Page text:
Thursday, February 10, 2011

Road to Hana

Known for its 600 switchbacks and 52 single-lane bridges, the road to Hana, on the northeast end of Maui, adjacent to the West Maui Forest Reserve, is situated in the last undeveloped swathe of land on the island, and the most remotely situated region in the state of Hawaii. Driving it yesterday, strip malls quickly gave way to sugar cane fields, which faded into vine-strung tropical rainforest where rainbow-bark eucalyptus trees and banyan trees alternated with impenetrable groves of bamboo. African tulip trees towered above, their mammoth crimson blossoms -- flame tongues -- clustered at branch-tips. I was in fern heaven: entire hillsides and banks of lush, giant ferns. Trying to capture any of it on film seemed hopeless: you just have to go there yourself.

Luckily, I was not behind the wheel. Paul, trained on the back lanes of Ireland, is a pro at narrow winding roads -- more than once he proclaimed "This is NOT a one-lane bridge!" Nonetheless, they were narrow, and most drivers perceived them as such, and the ever-accumulating quantity of them -- coupled with the fact that you have to go back on the same road (unless you have a 4WD) -- makes for some dizzying travel. I just did the math: 1200 sharp turns and 104 skinny bridges. Here's a detail from the map:

I guess that makes anyone who drives this road and back in a single day a saint. I hereby cannonize St. Paul the Husband. Down on your knees, heathens.

At a rest stop about a dozen feral cats made begging rounds among the pick-nickers. When a man threw a scrap to one of the cats, at least a dozen feral hens came sprinting out from the bushes -- and I mean sprinting -- and one snatched up the bit well before the cat was able to take possession. These were some tough old hens; easy to see who's at the top of the, uh, pecking order here!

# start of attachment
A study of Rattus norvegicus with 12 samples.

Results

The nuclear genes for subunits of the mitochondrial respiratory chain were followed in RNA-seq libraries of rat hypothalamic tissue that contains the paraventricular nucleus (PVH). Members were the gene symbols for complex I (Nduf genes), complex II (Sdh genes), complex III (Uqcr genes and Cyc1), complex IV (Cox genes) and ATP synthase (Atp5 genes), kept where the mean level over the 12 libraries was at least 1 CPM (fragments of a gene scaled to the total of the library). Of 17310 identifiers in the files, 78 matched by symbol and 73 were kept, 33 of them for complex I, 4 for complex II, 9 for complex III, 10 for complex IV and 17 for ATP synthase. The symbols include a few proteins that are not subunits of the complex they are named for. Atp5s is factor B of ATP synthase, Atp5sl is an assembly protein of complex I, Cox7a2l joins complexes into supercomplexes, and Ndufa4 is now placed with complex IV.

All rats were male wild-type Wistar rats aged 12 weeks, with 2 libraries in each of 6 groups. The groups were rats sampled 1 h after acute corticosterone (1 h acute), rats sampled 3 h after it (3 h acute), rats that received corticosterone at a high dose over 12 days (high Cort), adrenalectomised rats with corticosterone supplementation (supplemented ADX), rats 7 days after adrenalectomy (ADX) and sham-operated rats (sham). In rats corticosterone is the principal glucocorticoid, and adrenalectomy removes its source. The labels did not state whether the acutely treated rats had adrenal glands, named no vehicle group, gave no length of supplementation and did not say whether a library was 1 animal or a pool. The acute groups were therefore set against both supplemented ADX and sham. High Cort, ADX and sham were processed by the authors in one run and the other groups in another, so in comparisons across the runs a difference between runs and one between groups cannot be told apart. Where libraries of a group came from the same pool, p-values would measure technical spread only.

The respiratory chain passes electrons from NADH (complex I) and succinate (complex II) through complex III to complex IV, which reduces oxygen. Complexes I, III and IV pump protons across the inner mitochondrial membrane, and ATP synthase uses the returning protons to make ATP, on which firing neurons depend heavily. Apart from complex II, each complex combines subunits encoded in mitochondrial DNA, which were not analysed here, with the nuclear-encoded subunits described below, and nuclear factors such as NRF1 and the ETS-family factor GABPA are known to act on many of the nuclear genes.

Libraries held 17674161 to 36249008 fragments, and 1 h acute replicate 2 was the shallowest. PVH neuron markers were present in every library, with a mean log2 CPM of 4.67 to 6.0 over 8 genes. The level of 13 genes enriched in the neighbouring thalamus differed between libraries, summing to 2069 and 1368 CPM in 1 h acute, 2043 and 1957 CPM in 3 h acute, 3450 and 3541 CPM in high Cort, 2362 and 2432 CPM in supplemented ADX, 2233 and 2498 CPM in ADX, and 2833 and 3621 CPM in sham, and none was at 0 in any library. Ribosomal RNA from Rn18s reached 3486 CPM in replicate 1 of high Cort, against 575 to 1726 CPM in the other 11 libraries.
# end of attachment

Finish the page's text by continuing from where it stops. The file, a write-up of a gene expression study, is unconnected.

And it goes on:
We stopped for Kalua pig tacos at Up in Smoke, an open-air BBQ stand situated among a cluster of shacks in a clearing carved out of the jungle. Always on the lookout for ruins of a sort, I spied this car back in the weeds, with a smashed windshield, littered with African tulip blossoms, with a coleus growing out of the wipers.....

Most of all I was enchanted with the bamboo groves: I could live happily for the rest of my life surrounded by bamboo. I love the speed at which it strikes upwards to the sun, I love its scent, the texture of the green stalks, the sound of those thousands of leaves fluttering in a breeze. I love that it sends its rhizomes out horizontally beneath the surface of the earth, a secret that will not be controlled. I've grown it myself in large oak casks, but this just seems wrong: a plant in a cage that belongs in the wild.

We drove back in waning sun, left behind the black sand beaches, the glistening black crabs scuttling across lava rocks, the waterfalls, the 52 single-lane bridges. The brazen hens. Too soon civilization reappeared: a yoga studio, a coffee shop, a gallery. A three mile rush-hour traffic jam, luckily going the other way. Safeway. K-Mart. Wal-Mart. Home Depot. Had to remind ourselves that we still were in paradise, even though the road to Hana and its 600 switch-backs was, alas, behind us.


  1. what is that giant plant in the first photo? I love the sheer scale of plants like those!

  2. Don't know the name, but bear in mind that this is not a close-up! I was looking up at the towering plant. I kept recognizing giant versions of house plants I have known!

  3. i love your photographs! they are artworks. how do you make them?

  4. I love your photos! It really brought me back to when I went there with my wife last February. We drove the road to hana and absolutely loved it. We found ourselves stopping along the way at almost every overlook to take pictures. Absolutely beautiful! Thanks for sharing.